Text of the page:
How to Import Data to Excel with the Microsoft Access Export Wizard - dummies

How to Import Data to Excel with the Microsoft Access Export Wizard

By Michael Alexander

Microsoft Access is used in many organizations to manage a series of tables that interact with each other, such as a Customers table, an Orders table, and an Invoices table. Managing data in Access provides the benefit of a relational database in which you can ensure data integrity, prevent redundancy, and easily generate datasets via queries.

Access has an Export wizard, and it’s relatively simple to use. Just follow these steps:

  1. With your Access database open, click your target table or query to select it.

  2. On the External Data tab on the Ribbon, select the Excel icon under the Export group.

    The wizard that you see here opens.

    Export data to Excel using the Excel Export Wizard.
    Export data to Excel using the Excel Export Wizard.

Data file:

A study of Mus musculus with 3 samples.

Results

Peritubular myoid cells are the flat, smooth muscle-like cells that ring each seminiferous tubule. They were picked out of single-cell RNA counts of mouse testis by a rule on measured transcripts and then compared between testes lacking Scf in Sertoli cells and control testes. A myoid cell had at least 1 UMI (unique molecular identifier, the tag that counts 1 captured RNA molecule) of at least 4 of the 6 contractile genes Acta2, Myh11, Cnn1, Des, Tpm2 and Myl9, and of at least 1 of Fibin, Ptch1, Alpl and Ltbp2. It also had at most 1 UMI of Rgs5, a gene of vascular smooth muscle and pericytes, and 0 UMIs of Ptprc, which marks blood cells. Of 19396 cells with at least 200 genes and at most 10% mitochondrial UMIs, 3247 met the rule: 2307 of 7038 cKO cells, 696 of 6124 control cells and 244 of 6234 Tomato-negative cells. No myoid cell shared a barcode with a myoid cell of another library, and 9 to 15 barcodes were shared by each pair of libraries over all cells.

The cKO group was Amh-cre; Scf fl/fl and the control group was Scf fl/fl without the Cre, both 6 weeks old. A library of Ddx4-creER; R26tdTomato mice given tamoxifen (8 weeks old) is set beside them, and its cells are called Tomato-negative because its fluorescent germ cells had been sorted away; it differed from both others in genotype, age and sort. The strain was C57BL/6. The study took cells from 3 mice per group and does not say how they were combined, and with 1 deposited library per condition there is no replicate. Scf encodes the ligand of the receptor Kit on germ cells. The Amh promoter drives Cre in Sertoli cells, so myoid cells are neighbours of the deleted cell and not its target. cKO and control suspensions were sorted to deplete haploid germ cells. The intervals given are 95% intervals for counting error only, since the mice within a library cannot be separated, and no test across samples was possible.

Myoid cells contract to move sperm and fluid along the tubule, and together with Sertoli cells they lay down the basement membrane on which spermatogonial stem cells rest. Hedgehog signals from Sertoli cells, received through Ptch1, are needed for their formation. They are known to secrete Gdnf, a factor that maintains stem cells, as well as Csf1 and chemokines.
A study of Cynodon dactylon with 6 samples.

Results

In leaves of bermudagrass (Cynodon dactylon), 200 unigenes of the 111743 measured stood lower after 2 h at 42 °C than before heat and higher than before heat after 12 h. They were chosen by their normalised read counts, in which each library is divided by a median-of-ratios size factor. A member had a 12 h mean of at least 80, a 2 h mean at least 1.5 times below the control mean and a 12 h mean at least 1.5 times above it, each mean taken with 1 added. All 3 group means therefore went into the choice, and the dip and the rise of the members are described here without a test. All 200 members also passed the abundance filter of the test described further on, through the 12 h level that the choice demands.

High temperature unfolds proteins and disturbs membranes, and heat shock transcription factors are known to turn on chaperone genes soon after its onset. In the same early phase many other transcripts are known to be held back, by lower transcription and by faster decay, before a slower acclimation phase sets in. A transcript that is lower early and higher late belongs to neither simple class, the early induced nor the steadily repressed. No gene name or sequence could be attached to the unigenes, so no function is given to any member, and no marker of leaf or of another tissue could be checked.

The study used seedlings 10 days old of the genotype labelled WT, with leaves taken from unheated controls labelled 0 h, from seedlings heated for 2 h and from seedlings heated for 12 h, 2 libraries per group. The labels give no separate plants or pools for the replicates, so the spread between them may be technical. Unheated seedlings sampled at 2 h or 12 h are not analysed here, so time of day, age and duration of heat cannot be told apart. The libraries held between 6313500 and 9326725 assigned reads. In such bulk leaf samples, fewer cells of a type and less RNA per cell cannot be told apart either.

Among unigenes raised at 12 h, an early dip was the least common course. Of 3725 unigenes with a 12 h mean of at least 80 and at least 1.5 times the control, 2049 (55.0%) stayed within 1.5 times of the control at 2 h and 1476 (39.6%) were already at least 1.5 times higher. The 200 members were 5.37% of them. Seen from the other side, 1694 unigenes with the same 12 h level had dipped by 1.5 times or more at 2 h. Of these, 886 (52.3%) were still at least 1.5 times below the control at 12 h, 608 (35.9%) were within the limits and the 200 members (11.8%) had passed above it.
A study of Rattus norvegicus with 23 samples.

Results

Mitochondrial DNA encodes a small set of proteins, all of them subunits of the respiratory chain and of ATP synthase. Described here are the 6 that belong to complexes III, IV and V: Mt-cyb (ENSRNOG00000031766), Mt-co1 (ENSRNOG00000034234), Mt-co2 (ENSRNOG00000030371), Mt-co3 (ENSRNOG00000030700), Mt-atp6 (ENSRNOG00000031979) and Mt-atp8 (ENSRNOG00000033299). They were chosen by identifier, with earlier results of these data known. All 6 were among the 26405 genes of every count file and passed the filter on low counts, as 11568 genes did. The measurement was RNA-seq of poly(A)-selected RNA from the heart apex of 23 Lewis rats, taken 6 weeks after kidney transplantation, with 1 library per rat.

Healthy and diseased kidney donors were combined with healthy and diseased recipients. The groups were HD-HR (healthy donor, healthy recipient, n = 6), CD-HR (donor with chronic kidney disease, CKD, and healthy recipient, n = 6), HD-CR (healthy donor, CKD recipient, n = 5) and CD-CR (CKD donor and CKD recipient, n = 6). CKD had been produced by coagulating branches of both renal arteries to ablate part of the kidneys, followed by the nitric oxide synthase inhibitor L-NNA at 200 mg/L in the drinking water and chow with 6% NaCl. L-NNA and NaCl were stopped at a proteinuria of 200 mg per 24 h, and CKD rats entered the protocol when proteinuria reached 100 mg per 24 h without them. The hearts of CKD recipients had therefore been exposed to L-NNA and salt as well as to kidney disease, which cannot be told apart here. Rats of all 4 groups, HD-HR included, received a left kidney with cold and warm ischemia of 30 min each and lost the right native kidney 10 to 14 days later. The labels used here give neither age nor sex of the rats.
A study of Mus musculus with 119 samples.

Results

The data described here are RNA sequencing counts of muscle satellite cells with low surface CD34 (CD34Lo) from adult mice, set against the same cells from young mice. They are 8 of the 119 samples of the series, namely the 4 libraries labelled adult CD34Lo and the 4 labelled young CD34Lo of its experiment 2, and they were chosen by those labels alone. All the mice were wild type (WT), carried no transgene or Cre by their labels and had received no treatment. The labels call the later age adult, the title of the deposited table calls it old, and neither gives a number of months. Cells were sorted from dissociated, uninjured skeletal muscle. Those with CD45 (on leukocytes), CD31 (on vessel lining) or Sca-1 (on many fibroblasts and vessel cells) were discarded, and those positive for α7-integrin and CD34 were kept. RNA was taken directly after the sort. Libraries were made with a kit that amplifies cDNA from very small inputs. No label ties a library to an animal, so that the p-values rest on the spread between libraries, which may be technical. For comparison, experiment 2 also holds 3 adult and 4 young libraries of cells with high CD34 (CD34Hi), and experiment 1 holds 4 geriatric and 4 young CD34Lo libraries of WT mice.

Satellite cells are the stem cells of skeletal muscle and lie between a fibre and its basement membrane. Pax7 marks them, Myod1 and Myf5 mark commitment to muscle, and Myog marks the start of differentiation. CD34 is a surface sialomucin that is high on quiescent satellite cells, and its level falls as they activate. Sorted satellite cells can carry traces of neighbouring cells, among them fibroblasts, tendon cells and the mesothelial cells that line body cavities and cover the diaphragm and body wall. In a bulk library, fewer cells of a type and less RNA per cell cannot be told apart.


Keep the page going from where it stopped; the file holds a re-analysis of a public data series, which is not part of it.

As you can see, you can specify certain options in the Excel Export wizard. You can specify the file location, the file type, and some format preservation options.

  3. In the Excel Export Wizard, select Export Data with Formatting and Layout and then select Open the Destination File After the Export Operation is Complete.

  4. Click OK.

    Excel opens to show you the exported data.

In Access, the last page in the Export wizard, shown in the following figure, asks whether you want to save your export steps. Saving your export steps can be useful if you expect to frequently send that particular query or table to Excel. The benefit to this method is that unlike dragging and dropping, the ability to save export steps allows you to automate your exports by using Access macros.

Use the Save Export Steps option if you export your data frequently.
Use the Save Export Steps option if you export your data frequently.

You may export your Access table or query to an existing Excel file instead of creating a new file. But note that the name of the exported object will be the name of the table or query in Access. Be careful if you have an Excel object with that same name in your workbook, because it may be overwritten.

For example, exporting an Access table named PriceMaster to an Excel worksheet that already has a worksheet named PriceMaster causes the original Excel PriceMaster worksheet to be overwritten. Also, make sure the workbook to which you’re exporting is closed. If you try to export to an open workbook, you’ll likely receive an error in Access.